Last week I had a sleepover at the hospital. My wife made me report to my family doc at my annual physical that I suffered from sleep apnea, where you stop breathing for periods of time and then gasp for air. Snoring is usually associated with this. Apnea is, of course, disruptive to your normal sleep and can affect the body's ability to restore and repair itself. I think my wife has the same affliction, so I sent an anonymous message to her family doc yesterday. I squealed like a stuffed pig.
I packed my pajamas, a pillow, some reading material (see below), and a toothbrush and headed off in the direction of all those scrub gowns and the Sleep Clinic at 8:30pm. All I knew was that I had to sleep there all night. I didn't prepare anything. After all, I have been sleeping my entire life. How difficult could this be? Just to make sure I could sleep, I went into my den and pulled Prosser's Comparative Animal Physiology off the shelf, a textbook I used 30 years ago. A few minutes of reading about osmotic balance in the Chondrichthyes should do it. If not, maybe there is a baseball game on tv. Ten minutes max. I'll be out.
But when Mike the technician appeared in my room, I realized there was a bit more to all of this than just a leisurely snooze. He explained that he would be monitoring me during the night from his observation room, but that first he had to "wire me up". He proceeded to clean up spot after spot on my body with alcohol, then smeared a glue-like gel in all those places, and then attached an electrical lead to each of those areas. This is way more than I do each night at home before going to bed, and my wife used to be an ER nurse. Maybe I kiss her good night, but nothing electrical. When he finished, I had 24 leads attached to my head and a couple on my chest and lower legs, with all wires leading to a box on my night stand. Mike also attached devices in front of my nose and mouth to monitor my oxygen level and respiration. Judas Priest! I'm ready to begin filming Frankenstein now. Sweet dreams.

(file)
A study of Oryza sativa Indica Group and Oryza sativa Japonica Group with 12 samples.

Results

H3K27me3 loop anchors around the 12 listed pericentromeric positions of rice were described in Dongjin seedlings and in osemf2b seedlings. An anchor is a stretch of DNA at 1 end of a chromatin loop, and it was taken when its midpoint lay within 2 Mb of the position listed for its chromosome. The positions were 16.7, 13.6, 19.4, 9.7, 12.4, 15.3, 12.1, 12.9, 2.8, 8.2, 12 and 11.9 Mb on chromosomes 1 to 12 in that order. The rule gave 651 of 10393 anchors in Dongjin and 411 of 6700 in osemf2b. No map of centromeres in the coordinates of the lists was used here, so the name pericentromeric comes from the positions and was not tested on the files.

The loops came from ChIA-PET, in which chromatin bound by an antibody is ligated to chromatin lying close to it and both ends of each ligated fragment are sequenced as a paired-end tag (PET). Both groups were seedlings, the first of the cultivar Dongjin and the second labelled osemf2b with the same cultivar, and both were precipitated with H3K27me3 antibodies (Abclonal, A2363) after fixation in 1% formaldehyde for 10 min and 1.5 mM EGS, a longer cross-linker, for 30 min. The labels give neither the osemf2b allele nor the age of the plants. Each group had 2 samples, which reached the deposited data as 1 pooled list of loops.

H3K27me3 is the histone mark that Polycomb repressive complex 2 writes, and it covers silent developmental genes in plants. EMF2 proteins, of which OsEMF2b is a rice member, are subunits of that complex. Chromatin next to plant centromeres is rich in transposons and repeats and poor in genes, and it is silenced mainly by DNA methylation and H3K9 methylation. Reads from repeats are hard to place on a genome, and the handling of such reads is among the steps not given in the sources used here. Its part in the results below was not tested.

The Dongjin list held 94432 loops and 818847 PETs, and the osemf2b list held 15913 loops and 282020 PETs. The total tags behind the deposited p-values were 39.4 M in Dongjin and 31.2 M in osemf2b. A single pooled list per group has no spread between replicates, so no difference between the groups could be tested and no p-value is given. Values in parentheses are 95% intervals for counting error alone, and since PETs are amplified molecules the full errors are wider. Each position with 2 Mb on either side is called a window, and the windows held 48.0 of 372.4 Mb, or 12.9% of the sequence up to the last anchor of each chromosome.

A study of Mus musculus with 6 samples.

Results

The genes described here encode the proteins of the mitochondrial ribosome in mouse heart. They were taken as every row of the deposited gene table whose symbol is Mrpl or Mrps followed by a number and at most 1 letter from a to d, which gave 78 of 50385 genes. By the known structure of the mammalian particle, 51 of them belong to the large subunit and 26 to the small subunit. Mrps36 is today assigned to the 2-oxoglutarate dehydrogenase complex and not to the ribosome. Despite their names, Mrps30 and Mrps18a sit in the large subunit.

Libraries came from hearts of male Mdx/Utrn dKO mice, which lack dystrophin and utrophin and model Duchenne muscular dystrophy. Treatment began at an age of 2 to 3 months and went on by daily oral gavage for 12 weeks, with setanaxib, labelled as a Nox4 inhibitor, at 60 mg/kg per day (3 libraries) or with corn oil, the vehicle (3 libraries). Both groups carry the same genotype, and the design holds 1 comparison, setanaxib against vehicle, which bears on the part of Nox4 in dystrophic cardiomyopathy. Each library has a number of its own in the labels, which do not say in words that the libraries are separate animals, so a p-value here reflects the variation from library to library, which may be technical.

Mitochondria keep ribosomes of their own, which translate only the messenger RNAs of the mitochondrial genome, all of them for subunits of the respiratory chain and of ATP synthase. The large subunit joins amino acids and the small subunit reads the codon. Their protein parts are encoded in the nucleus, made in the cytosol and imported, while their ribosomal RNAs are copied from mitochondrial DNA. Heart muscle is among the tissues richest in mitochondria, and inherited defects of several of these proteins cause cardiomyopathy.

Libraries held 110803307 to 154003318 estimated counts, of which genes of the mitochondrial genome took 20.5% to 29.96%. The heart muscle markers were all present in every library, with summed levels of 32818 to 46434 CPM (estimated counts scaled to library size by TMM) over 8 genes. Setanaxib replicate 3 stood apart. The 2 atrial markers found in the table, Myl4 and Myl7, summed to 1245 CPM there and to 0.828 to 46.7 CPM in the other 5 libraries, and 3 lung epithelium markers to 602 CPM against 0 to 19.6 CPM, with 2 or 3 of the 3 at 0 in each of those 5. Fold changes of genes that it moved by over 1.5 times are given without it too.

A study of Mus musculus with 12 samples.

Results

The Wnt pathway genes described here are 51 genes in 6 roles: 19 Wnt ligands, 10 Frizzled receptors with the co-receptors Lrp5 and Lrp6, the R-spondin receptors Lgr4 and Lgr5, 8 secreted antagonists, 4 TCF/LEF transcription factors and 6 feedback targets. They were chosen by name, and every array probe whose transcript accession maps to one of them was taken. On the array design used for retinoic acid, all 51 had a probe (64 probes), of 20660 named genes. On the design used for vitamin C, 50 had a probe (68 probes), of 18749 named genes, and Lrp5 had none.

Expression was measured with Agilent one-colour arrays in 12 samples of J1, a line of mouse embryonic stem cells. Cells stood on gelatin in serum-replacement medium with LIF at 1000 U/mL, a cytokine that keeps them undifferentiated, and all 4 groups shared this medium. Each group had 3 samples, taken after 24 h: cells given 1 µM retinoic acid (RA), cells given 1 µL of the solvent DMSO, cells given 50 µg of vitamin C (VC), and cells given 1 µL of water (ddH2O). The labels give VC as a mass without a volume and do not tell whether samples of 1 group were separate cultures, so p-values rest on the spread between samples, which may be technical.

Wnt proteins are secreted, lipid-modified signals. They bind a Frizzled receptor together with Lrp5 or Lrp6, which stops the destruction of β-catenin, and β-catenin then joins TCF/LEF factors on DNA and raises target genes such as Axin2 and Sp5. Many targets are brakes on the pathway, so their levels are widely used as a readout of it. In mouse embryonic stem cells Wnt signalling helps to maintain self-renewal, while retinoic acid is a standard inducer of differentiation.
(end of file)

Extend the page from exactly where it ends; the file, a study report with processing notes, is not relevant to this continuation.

But seriously, after I was wired, I was fearful about turning on the tv. What if Mike wired me incorrectly and when I turned on the television I saw Desperate Housewives inside my head, for the rest of my life? Was he an electrical engineer at Cornell? He didn't look like one, and I've seen plenty. The wires are supposed to transmit electrical signals from MY brain to HIS instruments in the observation room. But what if the polarity got reversed and HIS machines sent impulses to MY brain? I'm never going to get to sleep now, and I read all there is to know about osmotic balance in fish.
Fortunately, there was a baseball game on the tube. By the third pitch, I was sending data to Mike's machines. I slept more or less normally, for me. Tough to move or turn on your side when there is a half mile of wires running from your body. I would not do this during the summer when thunder storms are common. If lightning hit the hospital, I would probably look like Wiley Coyote after his own dynamite blew him up. (Which reminds me, how can a mammal not outsmart a bird? A coyote's brain is the size of an apple; a roadrunner's brain must be no larger than a few apple seeds. Come on Wiley. This is embarrassing.)
When Mike greeted me in the morning, he was all too cheerful. He removed the wires and other monitors, and gleefully reported that he got about 1,000 pages of data that now needed interpretation. Amazing, in 30 years of doing scientific research, I never generated that much data. How could I possibly accomplish all that in one night while asleep? What a fool I have been all these years, staying awake, and working like a dog to gather a little data, sometimes only a datum. Maybe our university students have had it right all this time. Many of them must have generated copious amounts of data right in front of my eyes while I lectured. I left the Sleep Clinic hurriedly, and bought the first legal stimulant I could find.